DEPRESSION

clutter and depression-part two

clutter and chaos-part two

clutter and chaos-part two

You may wonder what your physical surroundings have to do with your depression.  I wasn’t aware of the connection either until I began some research years ago. When I began sharing this information with others in bible studies, participant’s ears really perked up. Many of them had never made the connection. I have found time and again that this concept resonates with people who are depression prone. That’s because it really makes a lot of sense.

Excessive clutter can be a symptom of depression, act as a trigger, or both. Depressed people are often overcome with a cacophony of noise in their head.  Thoughts seem to bombard them from every direction. Add visual clutter to the mix and it has all the ingredients of a time bomb. This is one of the areas I have learned to monitor. I can only let it go so far and it often depends how frantic or at odds I am feeling.

I’m always pursuing some creative venue and like the stereotypical artist, I can be messy. It’s just how I work and I’m o.k. with that. But it doesn’t take much for me to leap from messiness to out-of-control clutter. If I look around my house and feel anxious, I know it’s time to straighten up. I stop what I’m doing and just take few minutes to tidy up. The author of “Stuff” psychologist Randy Frost, says that “with depression, you often see people who have clutter problems because they don’t have the energy to get rid of stuff.”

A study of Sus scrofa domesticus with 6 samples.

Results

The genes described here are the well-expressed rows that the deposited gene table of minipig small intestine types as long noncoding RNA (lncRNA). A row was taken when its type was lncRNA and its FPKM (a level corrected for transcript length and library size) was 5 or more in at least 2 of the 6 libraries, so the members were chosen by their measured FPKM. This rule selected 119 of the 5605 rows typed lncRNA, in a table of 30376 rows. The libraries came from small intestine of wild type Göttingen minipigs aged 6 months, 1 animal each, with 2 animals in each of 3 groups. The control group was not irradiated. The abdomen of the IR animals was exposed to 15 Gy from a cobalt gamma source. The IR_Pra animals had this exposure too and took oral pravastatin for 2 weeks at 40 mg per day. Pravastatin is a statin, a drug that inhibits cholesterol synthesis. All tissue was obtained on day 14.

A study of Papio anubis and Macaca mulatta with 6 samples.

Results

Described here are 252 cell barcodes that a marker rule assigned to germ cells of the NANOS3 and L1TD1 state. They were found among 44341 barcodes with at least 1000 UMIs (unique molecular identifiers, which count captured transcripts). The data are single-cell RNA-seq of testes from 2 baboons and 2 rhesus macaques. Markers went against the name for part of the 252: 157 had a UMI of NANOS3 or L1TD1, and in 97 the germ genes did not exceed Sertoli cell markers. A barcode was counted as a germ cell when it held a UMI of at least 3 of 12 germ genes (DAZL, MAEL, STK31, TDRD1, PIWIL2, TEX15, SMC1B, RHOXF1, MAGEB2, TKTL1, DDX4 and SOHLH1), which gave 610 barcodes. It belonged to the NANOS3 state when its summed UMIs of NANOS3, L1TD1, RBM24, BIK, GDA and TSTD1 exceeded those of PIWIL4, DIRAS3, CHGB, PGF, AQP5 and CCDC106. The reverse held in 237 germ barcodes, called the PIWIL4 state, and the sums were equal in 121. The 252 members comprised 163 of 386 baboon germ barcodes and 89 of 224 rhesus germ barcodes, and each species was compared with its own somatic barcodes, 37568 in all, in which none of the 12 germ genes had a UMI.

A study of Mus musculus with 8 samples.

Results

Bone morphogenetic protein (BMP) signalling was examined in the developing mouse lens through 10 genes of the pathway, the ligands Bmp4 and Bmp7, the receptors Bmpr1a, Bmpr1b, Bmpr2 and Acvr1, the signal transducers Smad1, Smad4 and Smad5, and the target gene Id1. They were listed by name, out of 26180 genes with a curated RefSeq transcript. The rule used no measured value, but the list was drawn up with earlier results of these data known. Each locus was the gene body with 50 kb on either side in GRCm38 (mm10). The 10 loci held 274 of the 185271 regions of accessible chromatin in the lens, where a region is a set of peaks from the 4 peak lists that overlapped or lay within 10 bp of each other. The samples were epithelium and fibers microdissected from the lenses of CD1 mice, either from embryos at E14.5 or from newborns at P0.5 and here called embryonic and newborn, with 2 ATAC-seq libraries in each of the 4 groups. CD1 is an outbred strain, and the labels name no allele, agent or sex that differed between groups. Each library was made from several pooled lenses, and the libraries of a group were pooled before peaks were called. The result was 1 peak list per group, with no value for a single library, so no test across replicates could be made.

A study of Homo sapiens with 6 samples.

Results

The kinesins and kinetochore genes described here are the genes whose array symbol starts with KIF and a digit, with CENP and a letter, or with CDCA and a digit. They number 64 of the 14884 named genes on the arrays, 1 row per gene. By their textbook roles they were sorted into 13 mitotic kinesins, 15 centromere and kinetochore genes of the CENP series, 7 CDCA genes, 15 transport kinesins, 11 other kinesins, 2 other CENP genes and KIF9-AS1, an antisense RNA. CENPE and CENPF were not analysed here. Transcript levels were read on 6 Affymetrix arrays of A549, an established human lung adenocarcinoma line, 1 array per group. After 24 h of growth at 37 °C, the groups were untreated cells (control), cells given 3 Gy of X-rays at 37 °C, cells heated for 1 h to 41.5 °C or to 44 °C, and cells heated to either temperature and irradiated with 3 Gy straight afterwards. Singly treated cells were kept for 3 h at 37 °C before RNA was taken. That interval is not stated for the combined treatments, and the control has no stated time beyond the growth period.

I can always evaluate my mood by how cluttered things are around me. It’s a trigger that can cause me anxiety. If I don’t catch it soon enough it becomes a symptom that something is amiss. Interestingly enough, the cleaning up process employs two other tools I learned to adopt, distraction and physical movement. It’s like a BOGO (Buy one; get one free) sale, but in this case it’s BOGT, (Buy one; get two free.)

Cluttered surroundings often indicate a cluttered mind.  If you don’t believe me, see if you don’t function better and find it easier to control your depression when you declutter your surroundings. We are the product of not only a creative God but an orderly God. Maintaining a sense of order in our lives is as spiritual as anything else because it reflects one of God’s attributes. If we wake up in the morning and see chaos, it’s chaos we get for the rest of the day. We start off behind before our feet ever hit the floor. Then we feel overwhelmed. There’s enough chaos in life we can’t avoid, so why make it worse for ourselves?

A sloppy environment, whether at work or at home, can even reflect a sloppy faith.  We are creatures of habit and how we function in one area very often spills over into another. Developing discipline here will help you develop discipline in all other areas as well. I am not talking about short periods in our lives when things are messy for a reason. When we’re in the middle of a remodeling project, we should expect a certain amount of clutter but even then we can try to keep the clutter confined to one room. It has been often said by many that we are “total” beings. Nothing that happens in one part of our lives can be separated from other parts of our lives. Everything affects everything else.

More tomorrow. Till then, God bless and have a good day.